Felixstowe: Mrs Prop Sue Simmons has everything from a toy rat to a vintage carrier bag in her store cupboard

AS soon as you walk in to her house you can’t help but spot a period truncheon and a carpet beater hanging on the wall.

On the window sill are a soda siphon and a rat – a toy one – in a plastic bag.

For Sue Simmons, bizarre objects are a way of life and a hobby that has taken over her Felixstowe home.

She said the hobby began in 1997 when she was still working as a health visitor.

She said: “We had a family bereavement and I got into it through a colleague who was doing props for Me And My Girl at the Ipswich Regent. She thought I needed something else to focus on and she was right, it really helped.”

Two years later Sue found herself taking on the role of properties manager for Felixstowe amateur theatrical group Stage Door.

She said: “I cut my teeth on Seven Brides For Seven Brothers. It was a huge learning curve.”


She said: “Once I retired in 2001, other amateur theatre groups started to ask me for help. I do an average of about nine shows a year, but it can be as many as 12, though I don’t help backstage at all of them.”

Sue helps a large number of groups including Stage Door, Felixstowe Musical Theatre, The Keyworth Players, Ipswich Operatic and Dramatic Society, Gallery Players, Trimley Saints Players and groups in Bramford and Stowmarket.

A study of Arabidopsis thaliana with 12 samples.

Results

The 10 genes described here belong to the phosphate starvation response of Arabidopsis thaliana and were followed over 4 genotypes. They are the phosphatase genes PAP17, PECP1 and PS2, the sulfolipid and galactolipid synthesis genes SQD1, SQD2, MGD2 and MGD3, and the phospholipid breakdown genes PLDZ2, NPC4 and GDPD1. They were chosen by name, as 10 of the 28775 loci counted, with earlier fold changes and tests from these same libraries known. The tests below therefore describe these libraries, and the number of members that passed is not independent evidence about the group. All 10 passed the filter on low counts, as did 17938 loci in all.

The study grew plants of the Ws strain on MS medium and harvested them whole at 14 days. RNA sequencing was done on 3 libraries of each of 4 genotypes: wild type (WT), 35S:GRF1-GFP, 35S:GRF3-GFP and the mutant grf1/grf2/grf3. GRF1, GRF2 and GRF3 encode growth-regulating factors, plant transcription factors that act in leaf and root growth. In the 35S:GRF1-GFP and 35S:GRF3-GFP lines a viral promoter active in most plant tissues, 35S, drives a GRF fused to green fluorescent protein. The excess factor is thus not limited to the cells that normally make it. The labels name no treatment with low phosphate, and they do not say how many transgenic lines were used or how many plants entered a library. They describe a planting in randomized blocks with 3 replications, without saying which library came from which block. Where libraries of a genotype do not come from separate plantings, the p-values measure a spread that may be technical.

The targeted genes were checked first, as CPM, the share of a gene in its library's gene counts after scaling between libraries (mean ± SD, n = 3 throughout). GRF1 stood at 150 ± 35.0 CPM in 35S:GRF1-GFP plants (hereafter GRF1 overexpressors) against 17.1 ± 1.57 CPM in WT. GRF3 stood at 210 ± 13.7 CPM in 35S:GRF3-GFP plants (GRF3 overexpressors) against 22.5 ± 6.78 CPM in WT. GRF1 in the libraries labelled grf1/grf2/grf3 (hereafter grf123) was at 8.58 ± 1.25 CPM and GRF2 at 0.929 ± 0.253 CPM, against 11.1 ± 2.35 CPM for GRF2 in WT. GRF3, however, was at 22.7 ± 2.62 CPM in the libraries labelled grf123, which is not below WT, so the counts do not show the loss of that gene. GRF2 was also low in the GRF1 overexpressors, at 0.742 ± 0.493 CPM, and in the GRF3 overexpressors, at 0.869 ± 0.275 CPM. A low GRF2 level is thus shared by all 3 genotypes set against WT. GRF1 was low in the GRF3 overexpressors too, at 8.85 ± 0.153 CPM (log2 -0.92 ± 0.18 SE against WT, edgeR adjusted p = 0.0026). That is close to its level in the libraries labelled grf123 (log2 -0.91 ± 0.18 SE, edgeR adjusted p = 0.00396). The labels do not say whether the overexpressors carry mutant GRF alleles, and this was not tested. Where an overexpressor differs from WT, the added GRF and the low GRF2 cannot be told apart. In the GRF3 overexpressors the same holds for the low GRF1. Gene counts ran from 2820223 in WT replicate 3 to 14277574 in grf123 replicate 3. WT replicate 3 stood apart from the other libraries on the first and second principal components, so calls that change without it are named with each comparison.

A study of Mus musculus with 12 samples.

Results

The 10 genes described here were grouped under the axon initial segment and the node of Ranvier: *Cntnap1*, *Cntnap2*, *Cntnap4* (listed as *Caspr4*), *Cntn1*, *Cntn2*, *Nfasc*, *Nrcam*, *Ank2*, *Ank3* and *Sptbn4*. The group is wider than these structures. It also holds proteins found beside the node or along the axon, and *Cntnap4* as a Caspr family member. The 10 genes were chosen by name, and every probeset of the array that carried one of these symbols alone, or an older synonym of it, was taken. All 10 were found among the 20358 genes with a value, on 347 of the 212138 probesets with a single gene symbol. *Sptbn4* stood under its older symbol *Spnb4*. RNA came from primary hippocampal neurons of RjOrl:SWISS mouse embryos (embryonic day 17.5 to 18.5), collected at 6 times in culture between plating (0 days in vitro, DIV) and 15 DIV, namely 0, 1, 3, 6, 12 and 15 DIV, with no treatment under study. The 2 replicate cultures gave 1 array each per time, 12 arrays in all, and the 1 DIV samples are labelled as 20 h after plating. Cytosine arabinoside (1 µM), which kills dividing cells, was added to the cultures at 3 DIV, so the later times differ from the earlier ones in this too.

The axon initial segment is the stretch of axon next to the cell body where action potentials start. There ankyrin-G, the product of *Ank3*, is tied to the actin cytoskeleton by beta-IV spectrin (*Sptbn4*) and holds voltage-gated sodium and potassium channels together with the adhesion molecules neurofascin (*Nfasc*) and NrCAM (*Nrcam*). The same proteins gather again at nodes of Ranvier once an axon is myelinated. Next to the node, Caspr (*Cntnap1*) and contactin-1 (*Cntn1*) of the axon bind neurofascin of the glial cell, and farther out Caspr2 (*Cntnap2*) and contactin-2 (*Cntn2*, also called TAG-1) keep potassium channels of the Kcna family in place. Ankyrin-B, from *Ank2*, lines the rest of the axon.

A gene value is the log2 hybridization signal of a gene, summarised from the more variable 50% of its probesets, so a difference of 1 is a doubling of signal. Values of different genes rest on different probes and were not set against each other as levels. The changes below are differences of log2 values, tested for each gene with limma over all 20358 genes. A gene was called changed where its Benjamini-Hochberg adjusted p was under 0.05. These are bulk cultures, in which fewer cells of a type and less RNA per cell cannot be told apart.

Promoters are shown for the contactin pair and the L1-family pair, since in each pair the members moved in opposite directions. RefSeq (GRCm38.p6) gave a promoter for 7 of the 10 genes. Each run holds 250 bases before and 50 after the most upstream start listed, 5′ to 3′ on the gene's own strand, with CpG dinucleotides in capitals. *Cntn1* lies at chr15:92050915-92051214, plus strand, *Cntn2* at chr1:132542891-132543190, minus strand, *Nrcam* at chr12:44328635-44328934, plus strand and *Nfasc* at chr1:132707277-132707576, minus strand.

She said: “There is a network of people and we all call each other up asking for things. We help each other out. It is sociable and lots of fun.”

Sue sources props – gathers and garners as she calls it – from charity shops, museums, antique shops and other theatre groups.

She said: “Only once has someone said no to me. People are very kind and very generous. I have met all sorts of people and been to all sorts of places looking for props.

“This week I have been to Ipswich Transport Museum to ask for a 1930s wheelchair for an upcoming production of Annie.”

Walking round her home there are props in every room. In the sitting room there are candelabra, old books, five light sabres, vintage radios, ornate brass jugs, a plaster bust, even a plaster of Paris three-tier cake.

Upstairs in her bedroom Sue has a collection of paintings, 1940s carrier bags – not easy to come by, old newspapers, bloomers and shawls.

In the guest room there are hats and hat boxes. In the third bedroom an instant tea for two complete with salt dough cakes, a cake stand, a soup tureen, and a chicken that lays golden eggs.

In the garage Sue has the bulk of her collection and it is a treasure trove of the bizarre. Barrels, brooms, a violin case, lots of telephones, dustbins – handy for West Side Story , suitcases, a crown for the wicked queen of Snow White fame, swords, a fake telescope, a box of enamel ware, glassware, china, a necklace made of miniature skulls – South Pacific, and plastic guns plenty and various.

Sue said: “One of my favourite prop is my prosthetic leg. It’s been used several times for Little Shop of Horrors and in productions of Cinderella when the Ugly Sisters try on the glass slipper.”

Currently working on five shows, Sue is clearly in her element when talking about her latest discovery.

She said: “I love it. You are always learning things and it is a big challenge, but it is a lot of fun. I grew up in the 1950s and 1960s which was the age of some of the greatest musicals. I love the theatre, and I shall only stop when I can’t bend down or see in the dark.”